On Feb. 5, the U.S. Copyright Office released a 202-page report that called for multiple changes to existing copyright legislation, a proposal that will look to benefit many Belmont students who are songwriters and artists, as well as rising music business professionals.

In April 2013, Congress– led by the House Judiciary Committee– began a comprehensive review of the nation’s copyright laws to evaluate “whether the laws are still working in the digital age.”

Many issues affecting the music industry have been a significant focus of the review. The office initiated this study to illuminate critical concerns of the music marketplace and to identify potential avenues for change.

On March 17, 2014, the office published an initial Notice of Inquiry in the Federal Register– the “First Notice”– requesting public comment on 24 subjects affecting the existing music licensing environment.

The proposal used four primary guiding principles to argue new legislation:

-Music creators should be fairly compensated for their contributions.

-The licensing process should be more efficient.

-Market participants should have access to authoritative data to identify and license sound recordings and musical works.

-Usage and payment information should be transparent and accessible to rights owners.

The new proposal calls for changes under the concerns of licensing parity and compensation, performing rights organizations, royalties and mechanical licensing.

Using these guiding principles, the U.S. Copyright Office made the following primary recommendations:

-The creation of a performance royalty that would pay artists and record labels when their songs are played on traditional radio.

-The elimination of the copyright loophole that cuts artists and labels out of digital royalty payments for songs recorded before 1972.

-Putting the copyright attached to a song’s composition — the one owned by a publisher and songwriter — on equal footing with the copyright attached to the sound recording — the one owned by a record label and artist.

The equality of song composition and sound recordings is a primary concern of stakeholders, as current legislation dictates the royalties paid for compositions, while sound recording royalties are not regulated by government oversight.

Organizations representing songwriters and publishers see the proposal as a step in the right direction for copyright regulation.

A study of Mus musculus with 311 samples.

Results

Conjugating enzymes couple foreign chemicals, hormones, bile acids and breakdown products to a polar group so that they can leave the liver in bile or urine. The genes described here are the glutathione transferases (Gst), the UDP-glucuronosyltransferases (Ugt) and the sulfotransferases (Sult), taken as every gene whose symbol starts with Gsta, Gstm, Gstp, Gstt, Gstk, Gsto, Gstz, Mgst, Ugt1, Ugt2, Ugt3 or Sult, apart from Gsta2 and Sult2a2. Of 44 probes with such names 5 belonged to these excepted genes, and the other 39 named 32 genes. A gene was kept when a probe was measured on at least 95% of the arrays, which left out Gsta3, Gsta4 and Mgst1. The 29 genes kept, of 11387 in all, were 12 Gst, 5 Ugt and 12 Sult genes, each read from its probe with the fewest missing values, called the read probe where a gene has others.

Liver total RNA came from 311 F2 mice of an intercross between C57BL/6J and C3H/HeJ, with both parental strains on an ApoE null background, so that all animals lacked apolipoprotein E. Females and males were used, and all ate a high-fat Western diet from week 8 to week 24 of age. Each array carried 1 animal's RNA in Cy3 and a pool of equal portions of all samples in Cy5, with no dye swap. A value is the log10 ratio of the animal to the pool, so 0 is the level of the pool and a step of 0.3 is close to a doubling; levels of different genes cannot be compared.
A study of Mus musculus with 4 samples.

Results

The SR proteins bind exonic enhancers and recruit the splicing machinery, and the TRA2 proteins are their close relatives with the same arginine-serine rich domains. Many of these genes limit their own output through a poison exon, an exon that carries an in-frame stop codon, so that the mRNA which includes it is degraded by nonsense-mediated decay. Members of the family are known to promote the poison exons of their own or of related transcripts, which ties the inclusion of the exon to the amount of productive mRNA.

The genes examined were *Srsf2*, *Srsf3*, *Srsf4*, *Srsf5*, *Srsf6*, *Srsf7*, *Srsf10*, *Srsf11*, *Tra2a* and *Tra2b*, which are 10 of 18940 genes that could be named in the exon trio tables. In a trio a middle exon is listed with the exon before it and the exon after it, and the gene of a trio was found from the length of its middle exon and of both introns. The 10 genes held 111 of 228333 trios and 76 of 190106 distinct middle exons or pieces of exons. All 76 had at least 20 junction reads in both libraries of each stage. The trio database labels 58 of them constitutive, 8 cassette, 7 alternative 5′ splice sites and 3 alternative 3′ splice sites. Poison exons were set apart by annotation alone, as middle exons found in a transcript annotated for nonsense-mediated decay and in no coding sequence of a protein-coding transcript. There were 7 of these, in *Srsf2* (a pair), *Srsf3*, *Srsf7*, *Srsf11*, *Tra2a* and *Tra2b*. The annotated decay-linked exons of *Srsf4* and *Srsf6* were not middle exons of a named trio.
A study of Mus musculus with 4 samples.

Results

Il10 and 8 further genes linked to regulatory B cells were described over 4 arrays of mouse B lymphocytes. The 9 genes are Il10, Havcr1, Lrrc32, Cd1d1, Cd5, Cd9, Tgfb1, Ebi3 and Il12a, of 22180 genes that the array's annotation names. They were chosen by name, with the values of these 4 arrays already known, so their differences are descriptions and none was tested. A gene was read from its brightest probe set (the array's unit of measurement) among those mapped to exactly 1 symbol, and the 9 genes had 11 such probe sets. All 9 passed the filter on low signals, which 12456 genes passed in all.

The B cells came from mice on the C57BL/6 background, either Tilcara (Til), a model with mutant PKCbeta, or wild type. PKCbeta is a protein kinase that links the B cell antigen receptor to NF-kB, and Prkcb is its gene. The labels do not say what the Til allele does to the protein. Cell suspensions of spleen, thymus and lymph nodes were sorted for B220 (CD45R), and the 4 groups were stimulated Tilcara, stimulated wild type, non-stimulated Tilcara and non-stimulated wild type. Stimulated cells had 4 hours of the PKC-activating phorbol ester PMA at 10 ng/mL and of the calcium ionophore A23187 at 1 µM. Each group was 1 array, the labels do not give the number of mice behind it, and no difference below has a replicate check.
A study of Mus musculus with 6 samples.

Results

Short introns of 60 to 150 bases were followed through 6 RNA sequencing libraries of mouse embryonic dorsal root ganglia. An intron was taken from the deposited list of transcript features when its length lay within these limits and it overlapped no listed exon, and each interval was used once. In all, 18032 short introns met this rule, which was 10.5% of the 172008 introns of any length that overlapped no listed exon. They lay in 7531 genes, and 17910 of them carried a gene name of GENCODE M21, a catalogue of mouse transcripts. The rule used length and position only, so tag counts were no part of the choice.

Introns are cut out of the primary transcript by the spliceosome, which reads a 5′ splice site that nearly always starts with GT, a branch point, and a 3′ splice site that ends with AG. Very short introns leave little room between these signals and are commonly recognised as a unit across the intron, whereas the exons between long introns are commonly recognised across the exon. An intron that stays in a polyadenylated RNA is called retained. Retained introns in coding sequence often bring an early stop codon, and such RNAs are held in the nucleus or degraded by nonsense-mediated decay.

Cary Sherman, chief executive officer of the Recording Industry Association of America, applauded the proposal, calling the report an “important contribution to the ongoing conversation about modernizing the copyright laws.”

“Reform is necessary to develop new revenue streams for all creators and innovative consumer product offerings for music fans,” Sherman said in a press release.

“The office also recognized that it is time to fix the system to ensure that all creators are paid fair market value for their work, regardless of the platform on which their work is used. For example, a performance right for FM and AM radio is long overdue,” he added.

Dan Keen, former vice president of ASCAP, and music business professor at Belmont weighed in on the proposed changes, claiming that they are a step in the right direction for artists, songwriters and consumers.

“I love the new proposal because it balances the needs of the music creators with the needs of music users to benefit the culture of art at large,” said Keen.

“The guiding principles stated in the executive summary recognize that music users should have easier access to music licensing, and the proposal calls for a consolidated and simplified database for music licensing,” Keen said. “However, with the creation of this database, the Copyright Office is calling for more transparency of the intended purpose of the request by users.”

Despite the praises of these changes, Keen also cautioned that artists and songwriters should still be concerned over streaming rates from popular platforms such as Pandora and Spotify.

“Sites such as Pandora are undermining current streaming rate and calling for less payment to those who would receive monies. There is currently a fight with ASCAP and BMI to lower rates, but they are already too low,” said Keen. You can read through the entire proposal here.